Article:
GCSE students will be taught how to cook pheasant thanks to school teachers partnering with BASC's Taste of Game campaign
Secondary school teachers will attend an interactive workshop at the Food Teachers Centre’s Get Set for GCSE event in Birmingham later this month, which will demonstrate how to prepare and cook two simple pheasant recipes. The centre is a group dedicated to better food teaching.
Nationwide sessions will follow, before pheasant cookery is introduced in classes for GCSE students, with an estimated 60,000 pupils receiving lessons over the next three years.
Donate birds to schools
Taste of Game is encouraging shoots to help support the scheme by donating birds to schools. Its development manager, Annette Woolcock, said: “This is an exciting project which will put healthy, nutritious game meat directly in front of the next generation.
“Game meat is a great food, pure and simple. It is healthy, sustainable and highly nutritious. It is exciting and extremely positive that we can educate youngsters as to the benefits
of properly prepared game meat by focusing on the requirements of the national curriculum.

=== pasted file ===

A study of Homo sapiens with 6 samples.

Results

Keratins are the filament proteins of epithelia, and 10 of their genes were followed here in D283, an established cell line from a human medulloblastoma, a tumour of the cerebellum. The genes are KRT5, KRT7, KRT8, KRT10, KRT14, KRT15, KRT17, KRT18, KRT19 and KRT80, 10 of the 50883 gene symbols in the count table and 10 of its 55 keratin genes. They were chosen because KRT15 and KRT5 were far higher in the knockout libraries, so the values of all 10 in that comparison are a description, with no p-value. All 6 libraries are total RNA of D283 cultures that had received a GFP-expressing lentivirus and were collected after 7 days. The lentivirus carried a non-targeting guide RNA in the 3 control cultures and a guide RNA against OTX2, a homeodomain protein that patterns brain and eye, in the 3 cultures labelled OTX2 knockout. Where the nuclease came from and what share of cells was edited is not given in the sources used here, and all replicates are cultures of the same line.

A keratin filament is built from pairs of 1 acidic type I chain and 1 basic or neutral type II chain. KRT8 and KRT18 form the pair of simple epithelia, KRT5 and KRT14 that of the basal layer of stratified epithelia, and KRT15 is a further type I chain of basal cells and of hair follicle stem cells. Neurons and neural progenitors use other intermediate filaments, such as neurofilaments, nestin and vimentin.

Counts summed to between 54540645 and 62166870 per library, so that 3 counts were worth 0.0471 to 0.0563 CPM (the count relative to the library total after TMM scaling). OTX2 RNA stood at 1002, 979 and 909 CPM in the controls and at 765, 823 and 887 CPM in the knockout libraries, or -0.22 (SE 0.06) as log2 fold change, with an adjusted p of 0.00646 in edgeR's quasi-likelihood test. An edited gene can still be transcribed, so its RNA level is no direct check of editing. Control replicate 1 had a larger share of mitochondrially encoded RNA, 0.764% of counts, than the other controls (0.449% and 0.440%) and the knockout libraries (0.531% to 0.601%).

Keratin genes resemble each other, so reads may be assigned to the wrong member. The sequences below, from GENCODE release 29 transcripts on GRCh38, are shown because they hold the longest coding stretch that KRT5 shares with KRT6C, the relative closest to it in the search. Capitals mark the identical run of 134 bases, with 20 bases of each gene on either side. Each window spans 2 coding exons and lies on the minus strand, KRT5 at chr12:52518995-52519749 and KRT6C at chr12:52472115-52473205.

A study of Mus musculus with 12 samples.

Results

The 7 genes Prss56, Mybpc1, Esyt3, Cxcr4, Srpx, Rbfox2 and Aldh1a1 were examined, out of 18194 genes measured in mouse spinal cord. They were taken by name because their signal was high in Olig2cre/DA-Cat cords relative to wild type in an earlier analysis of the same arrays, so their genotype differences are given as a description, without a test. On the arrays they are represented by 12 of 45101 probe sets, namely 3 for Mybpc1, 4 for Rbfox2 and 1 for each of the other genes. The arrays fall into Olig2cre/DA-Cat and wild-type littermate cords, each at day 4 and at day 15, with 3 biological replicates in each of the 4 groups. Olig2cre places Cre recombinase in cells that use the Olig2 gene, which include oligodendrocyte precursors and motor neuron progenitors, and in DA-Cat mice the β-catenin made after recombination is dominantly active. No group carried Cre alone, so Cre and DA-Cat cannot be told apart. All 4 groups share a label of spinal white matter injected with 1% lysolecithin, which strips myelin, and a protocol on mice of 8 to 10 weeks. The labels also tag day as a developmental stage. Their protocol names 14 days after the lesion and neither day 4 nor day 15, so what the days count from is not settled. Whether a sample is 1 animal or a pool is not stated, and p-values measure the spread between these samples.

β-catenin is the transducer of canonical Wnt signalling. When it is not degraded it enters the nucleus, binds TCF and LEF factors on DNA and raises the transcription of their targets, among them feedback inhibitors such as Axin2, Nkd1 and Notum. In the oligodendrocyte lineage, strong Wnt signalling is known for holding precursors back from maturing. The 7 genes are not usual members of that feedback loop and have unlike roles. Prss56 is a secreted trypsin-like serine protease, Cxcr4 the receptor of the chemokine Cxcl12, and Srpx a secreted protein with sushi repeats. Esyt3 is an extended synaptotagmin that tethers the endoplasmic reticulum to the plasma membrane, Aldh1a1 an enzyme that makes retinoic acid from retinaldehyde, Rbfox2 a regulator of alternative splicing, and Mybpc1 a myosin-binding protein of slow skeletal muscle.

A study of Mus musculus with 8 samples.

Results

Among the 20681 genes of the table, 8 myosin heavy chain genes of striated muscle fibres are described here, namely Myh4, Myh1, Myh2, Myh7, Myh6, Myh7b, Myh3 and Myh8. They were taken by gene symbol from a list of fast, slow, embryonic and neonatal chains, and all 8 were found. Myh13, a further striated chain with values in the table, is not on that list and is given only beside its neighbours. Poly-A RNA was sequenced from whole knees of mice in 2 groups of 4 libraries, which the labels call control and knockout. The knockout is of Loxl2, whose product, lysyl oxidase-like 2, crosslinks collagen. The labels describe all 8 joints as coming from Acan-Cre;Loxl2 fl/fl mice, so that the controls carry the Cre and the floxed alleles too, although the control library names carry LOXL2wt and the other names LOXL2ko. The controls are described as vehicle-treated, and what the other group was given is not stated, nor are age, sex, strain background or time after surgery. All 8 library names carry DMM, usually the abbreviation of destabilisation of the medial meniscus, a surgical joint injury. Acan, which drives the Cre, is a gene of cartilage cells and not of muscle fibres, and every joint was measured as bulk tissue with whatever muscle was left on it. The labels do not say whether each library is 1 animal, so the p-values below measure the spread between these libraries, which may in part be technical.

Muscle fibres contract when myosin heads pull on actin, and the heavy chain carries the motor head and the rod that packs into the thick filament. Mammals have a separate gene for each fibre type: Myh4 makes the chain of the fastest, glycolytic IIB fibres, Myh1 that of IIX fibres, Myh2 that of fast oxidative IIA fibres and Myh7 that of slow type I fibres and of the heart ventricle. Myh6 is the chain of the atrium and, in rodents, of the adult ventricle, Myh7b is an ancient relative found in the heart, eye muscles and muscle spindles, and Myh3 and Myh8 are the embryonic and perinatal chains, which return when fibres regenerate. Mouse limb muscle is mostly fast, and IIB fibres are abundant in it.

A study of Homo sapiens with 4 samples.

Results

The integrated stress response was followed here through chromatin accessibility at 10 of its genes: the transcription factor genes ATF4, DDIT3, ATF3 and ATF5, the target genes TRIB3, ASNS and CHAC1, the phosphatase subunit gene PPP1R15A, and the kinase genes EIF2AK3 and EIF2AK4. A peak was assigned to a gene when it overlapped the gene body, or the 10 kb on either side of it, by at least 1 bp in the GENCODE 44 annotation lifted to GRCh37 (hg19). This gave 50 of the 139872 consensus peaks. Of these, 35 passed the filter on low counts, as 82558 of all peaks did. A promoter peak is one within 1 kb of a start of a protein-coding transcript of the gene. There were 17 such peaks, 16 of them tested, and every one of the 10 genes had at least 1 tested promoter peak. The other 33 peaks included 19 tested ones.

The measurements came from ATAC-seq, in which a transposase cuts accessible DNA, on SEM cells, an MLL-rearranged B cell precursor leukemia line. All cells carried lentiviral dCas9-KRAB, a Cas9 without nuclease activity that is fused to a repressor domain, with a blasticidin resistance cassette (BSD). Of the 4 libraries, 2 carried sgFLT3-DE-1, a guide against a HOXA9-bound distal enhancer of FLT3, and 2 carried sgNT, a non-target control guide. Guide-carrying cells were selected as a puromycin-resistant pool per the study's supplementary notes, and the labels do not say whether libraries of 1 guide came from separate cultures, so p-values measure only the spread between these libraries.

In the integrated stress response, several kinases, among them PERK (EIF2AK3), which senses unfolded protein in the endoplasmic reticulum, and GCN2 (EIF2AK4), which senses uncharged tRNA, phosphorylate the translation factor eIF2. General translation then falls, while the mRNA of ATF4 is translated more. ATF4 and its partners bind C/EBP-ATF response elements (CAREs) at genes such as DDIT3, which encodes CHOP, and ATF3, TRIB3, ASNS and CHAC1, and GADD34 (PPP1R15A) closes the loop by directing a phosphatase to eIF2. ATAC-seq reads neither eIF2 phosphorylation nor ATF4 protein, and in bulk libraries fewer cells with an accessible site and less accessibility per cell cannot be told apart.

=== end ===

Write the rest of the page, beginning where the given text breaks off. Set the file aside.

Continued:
“We are hoping that the game industry will support us and that local shoots will donate dressed pheasants to their local schools.”
Roasted hen pheasant and game chips Ingredients 1 whole, plucked and dressed hen pheasant A little pork fat or goose/duck fat…
Thousands more will taste game
If you work on a shoot and would like to help by donating game to your local schools, you can contact Taste of Game’s Annette by email to firstname.lastname@example.org for further details on how to get involved.
Louise Davies, founder of the Food Teachers Centre, explained how the project will give students the chance to work with game meat, which has been difficult up to now. “In the past, lack of ingredients prevented students from cooking game, so this programme will hopefully mean that thousands more youngsters will get to cook and taste it.
“It has a perfect fit with the new GCSE course, where students demonstrate high-level skills, such as preparing meat, and where they are expected to understand how animals are reared and prepared. It also educates them about the contribution of seasonal, local and nutritious foods to modern and traditional British cuisine.”